Pride in Print awards: Wellington printers win three categories

Press Release – Pride In Print
A Rugby World Cup book that beat off competition from Asian printers and stayed in New Zealand has carried off both the Publications Category of the 2012 New Zealand Pride In Print Awards and the “best in process” award for sheetfed printing.

DHL — Delivering Rugby to the World was printed by Wellington’s Service Printers for courier and logistics firm DHL as a celebration of the Rugby World Cup in New Zealand last year.
A total of 5000 sheetfed books complete with slip case and dust jacket were produced. The key element was that DHL required 300 personalised copies pre-Christmas.

Service Printers competed with an international printer to get the job, with the tight timeframe and usual Christmas workload being major considerations. Quality and timing were the deciding factors.

The New Zealand designer and photographer liaised with the international client, assuring them of getting sign offs at each stage of production planning, to ensure the client had confidence in having the work done locally. This often meant dealing with late sign offs due to time differences.

In addition, no supplier was able to complete the 300 slip cases in time so the printer rose to the challenge and it was handled in house. The customer was rapt with the final outcome.

Judges said it was “good to learn that being local won the job, in order to meet quality control and timing requirements”. They also praised the “beautifully executed bindery work”.

Senior judge Damian Fleming said the book was perfect throughout — “The images are vibrant. You would imagine the New Zealand printer was competing with Hong Kong and China to get this work. It is a great job,” he said.

Technical Information:
DHL — Delivering Rugby to the World was printed by Service Printers of Wellington with the print buyer and the designer being Carlos Ricardo Constable. Spicers Paper supplied the Satin Matt 150gsm and Impress Offset 150gsm stock. The book was printed on a Heidelberg CD 74 press, using Hostmann-Steinberg inks, Kodak plates and Hostmann-Steinberg blankets.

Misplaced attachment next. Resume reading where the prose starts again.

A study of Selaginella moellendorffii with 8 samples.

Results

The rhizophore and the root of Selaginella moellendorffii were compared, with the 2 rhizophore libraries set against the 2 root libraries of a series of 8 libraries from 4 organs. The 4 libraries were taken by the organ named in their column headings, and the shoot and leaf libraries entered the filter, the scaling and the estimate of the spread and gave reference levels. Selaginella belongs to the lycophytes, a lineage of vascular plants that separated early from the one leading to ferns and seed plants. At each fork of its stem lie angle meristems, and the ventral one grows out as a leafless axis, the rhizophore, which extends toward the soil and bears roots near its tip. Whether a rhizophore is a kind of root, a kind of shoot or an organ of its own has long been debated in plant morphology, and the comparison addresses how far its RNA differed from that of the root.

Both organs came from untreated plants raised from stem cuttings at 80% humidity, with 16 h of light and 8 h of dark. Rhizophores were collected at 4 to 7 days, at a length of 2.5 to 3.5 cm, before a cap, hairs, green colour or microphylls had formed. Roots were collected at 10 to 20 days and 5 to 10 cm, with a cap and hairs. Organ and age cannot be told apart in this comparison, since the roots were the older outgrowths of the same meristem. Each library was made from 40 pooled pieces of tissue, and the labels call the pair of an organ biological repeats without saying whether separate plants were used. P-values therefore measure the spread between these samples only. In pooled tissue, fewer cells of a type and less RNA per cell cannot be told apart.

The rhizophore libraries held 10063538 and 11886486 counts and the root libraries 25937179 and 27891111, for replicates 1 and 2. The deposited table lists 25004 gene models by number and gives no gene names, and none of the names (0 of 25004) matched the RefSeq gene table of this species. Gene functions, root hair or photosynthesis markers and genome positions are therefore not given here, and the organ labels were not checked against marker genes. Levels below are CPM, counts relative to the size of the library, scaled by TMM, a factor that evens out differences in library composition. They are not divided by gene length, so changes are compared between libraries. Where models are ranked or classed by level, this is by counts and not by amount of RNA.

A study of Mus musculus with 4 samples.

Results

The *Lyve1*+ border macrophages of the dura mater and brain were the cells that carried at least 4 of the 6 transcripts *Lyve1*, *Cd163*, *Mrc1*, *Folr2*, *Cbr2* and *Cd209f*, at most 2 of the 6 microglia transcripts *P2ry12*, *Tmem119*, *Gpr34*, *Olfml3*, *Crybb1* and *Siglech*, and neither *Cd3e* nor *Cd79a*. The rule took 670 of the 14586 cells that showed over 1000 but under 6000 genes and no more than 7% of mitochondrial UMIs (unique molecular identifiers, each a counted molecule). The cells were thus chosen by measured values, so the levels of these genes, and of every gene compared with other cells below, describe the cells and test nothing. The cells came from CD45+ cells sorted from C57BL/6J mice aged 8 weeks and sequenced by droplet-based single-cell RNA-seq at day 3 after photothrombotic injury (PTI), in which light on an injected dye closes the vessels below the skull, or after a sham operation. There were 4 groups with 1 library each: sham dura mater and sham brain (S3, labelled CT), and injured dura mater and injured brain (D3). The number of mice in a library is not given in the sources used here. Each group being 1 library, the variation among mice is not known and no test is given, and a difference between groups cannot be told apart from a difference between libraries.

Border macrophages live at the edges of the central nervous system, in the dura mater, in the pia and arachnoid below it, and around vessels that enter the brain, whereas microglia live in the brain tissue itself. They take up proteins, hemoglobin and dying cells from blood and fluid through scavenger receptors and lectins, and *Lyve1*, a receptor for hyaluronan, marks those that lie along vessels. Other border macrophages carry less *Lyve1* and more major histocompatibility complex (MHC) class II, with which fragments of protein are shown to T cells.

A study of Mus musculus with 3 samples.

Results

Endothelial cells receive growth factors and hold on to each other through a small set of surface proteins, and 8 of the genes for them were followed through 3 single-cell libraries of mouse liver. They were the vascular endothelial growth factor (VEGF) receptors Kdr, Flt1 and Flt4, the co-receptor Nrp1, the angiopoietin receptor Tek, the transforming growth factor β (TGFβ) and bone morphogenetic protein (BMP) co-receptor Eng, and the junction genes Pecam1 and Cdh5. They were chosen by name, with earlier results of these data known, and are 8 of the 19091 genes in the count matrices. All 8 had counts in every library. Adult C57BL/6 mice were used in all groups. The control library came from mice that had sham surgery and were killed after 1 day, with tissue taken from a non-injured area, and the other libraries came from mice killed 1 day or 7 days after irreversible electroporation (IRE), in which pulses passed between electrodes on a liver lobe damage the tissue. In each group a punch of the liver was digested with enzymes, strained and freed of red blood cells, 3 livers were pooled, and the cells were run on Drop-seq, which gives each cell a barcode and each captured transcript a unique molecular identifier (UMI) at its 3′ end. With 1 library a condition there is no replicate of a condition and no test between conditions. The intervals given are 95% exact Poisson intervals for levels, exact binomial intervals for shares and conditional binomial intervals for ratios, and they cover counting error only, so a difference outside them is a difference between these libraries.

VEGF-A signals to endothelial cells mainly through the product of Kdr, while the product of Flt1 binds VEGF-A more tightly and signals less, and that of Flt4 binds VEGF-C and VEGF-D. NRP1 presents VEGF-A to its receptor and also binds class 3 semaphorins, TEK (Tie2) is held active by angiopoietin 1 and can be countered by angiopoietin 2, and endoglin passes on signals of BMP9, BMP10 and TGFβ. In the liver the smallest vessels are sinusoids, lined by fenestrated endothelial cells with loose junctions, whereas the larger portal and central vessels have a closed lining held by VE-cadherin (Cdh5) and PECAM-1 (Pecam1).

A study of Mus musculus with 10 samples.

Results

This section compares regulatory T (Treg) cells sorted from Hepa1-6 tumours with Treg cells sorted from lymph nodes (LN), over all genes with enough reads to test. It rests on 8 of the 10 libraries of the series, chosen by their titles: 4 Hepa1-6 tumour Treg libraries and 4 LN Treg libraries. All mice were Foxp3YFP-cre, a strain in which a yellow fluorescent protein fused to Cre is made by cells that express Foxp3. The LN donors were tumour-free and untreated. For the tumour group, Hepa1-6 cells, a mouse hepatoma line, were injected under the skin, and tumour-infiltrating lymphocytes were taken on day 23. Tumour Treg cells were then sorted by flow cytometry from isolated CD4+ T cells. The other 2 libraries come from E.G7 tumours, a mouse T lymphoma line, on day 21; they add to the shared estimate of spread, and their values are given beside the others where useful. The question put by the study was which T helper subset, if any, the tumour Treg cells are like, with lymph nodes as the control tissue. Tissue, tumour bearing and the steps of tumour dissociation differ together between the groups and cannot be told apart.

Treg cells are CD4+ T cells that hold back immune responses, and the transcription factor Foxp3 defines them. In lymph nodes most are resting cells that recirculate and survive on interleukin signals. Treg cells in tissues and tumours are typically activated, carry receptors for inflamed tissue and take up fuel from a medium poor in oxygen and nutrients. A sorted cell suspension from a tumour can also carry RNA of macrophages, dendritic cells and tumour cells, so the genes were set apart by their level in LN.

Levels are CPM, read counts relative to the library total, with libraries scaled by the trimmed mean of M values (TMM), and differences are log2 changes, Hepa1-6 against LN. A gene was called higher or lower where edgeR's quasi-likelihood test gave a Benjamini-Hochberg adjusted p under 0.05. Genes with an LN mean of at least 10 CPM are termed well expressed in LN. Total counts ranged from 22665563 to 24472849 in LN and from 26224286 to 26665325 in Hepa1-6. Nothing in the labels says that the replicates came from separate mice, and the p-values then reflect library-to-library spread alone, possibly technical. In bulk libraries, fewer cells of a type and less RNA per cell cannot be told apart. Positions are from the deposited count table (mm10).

A Wellington company that has boosted the relevance of newspapers in a digital age won the Industry Development Category of the Awards.

Printstop’s version of the British newspaper The Guardian — printed digitally in Wellington — was entered in the Innovation in Print section and represents a bringing together of print and marketing initiatives to find a new niche for selected newspapers.
The concept is to reproduce overseas titles such as The Financial Times and Washington Post as newspapers in New Zealand, at the same time as the originals are being printed overseas. The layout is supplied digitally and within minutes it is on the press in New Zealand.

This means the target market, including ex-pats and visiting business people, can see exactly what they would have seen had they bought the newspaper in their own country, without the need to ship the original edition halfway around the world.
Print runs can be varied to suit the desired audience.

The market potential of the idea has already been proven during the Rugby World Cup when there were many overseas visitors in NZ. An agreement with a marketing company was concluded to allow for distribution and it was launched successfully.

Judges felt it was an excellent concept as well as a good print job — “This breathes life into tactile newspapers.”

Design judge Kerenza Smith said the creation of The Guardian in New Zealand met a commercial need in the marketplace.

“This could reinvigorate newspaper production in an age where all newspaper runs are reduced and people are getting lots of their news online. The success in the Rugby World Cup proved the concept and it has shown there is a commercial niche for this kind of innovation,” she said.

Technical Information:
The Guardian newspaper was printed by Printstop for The Magazine Marketing Company. The newspaper was printed on Octane stock from BJ Ball, on a Truepress machine.